This article is from the latest issue of AAAA's Australian Automotive Aftermarket Magazine.
Federal Assistant Treasurer, Michael Sukkar, has promised that the Government will ensure that the recently passed Motor Vehicle Service and Repair Information Sharing Scheme Bill will be upheld.
“The Government will keep a close eye on industry’s response to the scheme and will work with industry, including manufacturers, to encourage compliance. The ACCC will regulate the scheme and there are strong penalties for violations– up to $10 million,” Minister Sukkar told Australian Automotive Aftermarket Magazine.
“A joint industry-led organisation will also report to me on the operation of the scheme and to the ACCC on systemic issues. This organisation will be based on successful arrangements for the United States’ National Automotive Service Task Force,” he explained.
“The Government stands ready to review and adjust the scheme in the future to respond to industry developments or actions to frustrate the scheme. Mechanisms to address these issues are built into the scheme through rule-making powers.
“A key objective of the scheme is to encourage the provision of accessible and affordable information to repairers on fair and reasonable commercial terms. The ACCC will keep a close eye on prices to ensure the scheme meets this objective.
“Under the scheme, car manufacturers can charge no more than fair market value. This is a recognised concept in both Australian law and in an international context. The factors to be considered in setting fair market value include the price charged to other repairers, reasonable recovery of costs, and the prices for information in overseas markets.”
Minister Sukkar stated he was passionate about protecting independent automotive workshops.
“The automotive repair is an important industry which keeps Australia’s 19.8 million vehicles on the road. There are nearly 35,000 automotive service and repair businesses in Australia, employing over 106,000 Australians,” he said.
“The average household spends more than $1,500 a year on servicing and repairing their car. By levelling the playing field for independent repairers and creating a more competitive market, these reforms will bring down the cost of owning a car.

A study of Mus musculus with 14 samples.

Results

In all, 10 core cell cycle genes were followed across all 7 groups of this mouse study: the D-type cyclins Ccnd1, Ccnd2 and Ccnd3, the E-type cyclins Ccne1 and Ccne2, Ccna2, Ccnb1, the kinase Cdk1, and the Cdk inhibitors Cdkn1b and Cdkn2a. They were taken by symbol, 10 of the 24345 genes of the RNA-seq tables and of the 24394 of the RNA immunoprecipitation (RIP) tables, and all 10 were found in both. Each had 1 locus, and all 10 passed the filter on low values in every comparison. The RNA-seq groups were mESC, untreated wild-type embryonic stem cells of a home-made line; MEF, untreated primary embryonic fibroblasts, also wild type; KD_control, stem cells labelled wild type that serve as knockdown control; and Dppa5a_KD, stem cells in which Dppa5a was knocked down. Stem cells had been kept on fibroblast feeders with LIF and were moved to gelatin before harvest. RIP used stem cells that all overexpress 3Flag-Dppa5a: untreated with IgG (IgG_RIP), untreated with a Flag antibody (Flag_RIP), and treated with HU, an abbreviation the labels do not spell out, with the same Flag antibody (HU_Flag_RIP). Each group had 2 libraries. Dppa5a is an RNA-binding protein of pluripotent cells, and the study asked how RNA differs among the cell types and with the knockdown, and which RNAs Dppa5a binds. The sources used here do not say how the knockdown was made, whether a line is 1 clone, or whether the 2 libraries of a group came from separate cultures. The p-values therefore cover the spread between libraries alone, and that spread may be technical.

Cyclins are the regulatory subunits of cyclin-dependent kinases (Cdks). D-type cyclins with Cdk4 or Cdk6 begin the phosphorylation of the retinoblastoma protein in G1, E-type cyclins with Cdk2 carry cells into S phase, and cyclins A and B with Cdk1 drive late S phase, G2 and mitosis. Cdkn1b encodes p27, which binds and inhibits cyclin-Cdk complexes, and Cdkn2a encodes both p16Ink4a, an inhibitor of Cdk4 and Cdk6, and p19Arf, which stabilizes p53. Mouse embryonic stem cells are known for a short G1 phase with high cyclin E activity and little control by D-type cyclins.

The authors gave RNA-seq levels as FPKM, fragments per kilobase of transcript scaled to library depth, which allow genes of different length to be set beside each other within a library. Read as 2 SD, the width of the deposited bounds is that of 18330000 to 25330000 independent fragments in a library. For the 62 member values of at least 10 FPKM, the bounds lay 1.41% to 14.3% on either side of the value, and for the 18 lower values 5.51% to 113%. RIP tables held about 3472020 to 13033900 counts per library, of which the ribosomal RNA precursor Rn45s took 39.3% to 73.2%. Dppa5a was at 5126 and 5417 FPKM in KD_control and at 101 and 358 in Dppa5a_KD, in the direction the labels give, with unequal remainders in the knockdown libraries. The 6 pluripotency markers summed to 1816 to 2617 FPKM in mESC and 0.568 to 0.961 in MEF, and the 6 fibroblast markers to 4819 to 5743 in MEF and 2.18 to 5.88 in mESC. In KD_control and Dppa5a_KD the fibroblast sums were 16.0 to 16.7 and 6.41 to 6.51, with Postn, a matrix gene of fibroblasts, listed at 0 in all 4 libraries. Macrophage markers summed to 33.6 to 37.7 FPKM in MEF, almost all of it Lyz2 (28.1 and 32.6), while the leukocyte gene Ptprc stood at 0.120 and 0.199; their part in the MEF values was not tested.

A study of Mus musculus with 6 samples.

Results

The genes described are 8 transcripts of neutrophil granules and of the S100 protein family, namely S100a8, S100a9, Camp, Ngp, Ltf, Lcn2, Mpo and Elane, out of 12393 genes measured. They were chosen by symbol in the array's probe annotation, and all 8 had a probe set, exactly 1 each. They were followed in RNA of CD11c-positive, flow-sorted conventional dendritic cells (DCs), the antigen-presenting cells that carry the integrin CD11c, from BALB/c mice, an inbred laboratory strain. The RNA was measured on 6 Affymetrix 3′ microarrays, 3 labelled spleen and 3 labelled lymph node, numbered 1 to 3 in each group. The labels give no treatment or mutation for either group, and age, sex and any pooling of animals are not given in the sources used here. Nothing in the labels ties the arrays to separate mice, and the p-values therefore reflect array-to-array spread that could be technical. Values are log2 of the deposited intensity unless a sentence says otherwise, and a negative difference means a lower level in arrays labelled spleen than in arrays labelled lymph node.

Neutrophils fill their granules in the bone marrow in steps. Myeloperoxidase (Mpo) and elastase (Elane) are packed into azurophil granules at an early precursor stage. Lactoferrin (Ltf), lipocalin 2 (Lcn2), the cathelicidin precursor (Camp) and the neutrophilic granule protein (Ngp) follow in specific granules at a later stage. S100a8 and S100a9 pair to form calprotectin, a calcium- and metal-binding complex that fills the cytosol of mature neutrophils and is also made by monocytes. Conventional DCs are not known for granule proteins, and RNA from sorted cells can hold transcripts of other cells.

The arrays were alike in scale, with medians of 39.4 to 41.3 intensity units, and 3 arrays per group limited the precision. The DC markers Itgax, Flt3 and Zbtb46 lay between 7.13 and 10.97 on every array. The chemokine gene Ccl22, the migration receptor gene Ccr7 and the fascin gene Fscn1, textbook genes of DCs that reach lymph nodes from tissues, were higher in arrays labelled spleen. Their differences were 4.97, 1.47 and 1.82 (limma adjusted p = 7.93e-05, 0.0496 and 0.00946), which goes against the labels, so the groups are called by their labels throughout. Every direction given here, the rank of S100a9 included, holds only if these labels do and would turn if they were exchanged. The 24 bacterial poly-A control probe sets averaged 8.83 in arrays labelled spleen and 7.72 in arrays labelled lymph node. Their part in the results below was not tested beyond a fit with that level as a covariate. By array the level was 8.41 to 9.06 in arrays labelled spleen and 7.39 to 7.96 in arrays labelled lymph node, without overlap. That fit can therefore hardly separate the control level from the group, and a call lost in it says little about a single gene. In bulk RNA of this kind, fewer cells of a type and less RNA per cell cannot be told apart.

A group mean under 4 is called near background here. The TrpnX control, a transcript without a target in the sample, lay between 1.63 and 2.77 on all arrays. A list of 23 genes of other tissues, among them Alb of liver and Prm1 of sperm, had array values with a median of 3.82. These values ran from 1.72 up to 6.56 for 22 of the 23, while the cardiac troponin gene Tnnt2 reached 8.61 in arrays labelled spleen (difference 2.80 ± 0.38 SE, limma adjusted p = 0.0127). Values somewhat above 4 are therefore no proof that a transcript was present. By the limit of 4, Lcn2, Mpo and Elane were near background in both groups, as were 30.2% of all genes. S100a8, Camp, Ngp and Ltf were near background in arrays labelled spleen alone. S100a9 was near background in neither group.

“I want consumers to be able to access servicing and repairs in a fair, competitive market. This ground-breaking legislation will give consumers more choice about where their vehicle is repaired.
“These changes are a huge win for car owners. Consumers will be able to go to the repairer of their choice, without having to worry about whether they have the information to do the job. This will level the playing field for independent repairers and create a more competitive market. These reforms will bring down the cost of owning a car.
“There will also be benefits for regional communities, which do not have access to affiliated dealerships. Car owners in regional Australia will be able to go to their local repairer instead of traveling huge distances, possibly on the back of a tow truck, to their nearest dealership.
Ultimately, independent repairers understand the importance of this change and know that the benefits will flow through to their customers.
“We have worked closely with the automotive industry, particularly the AAAA, on designing the scheme and they have done a fantastic job of raising awareness with their members. In fact, we have already received more than 350 emails from independent repairers, many I believe are AAAA members, thanking the Morrison Government for implementing the scheme.”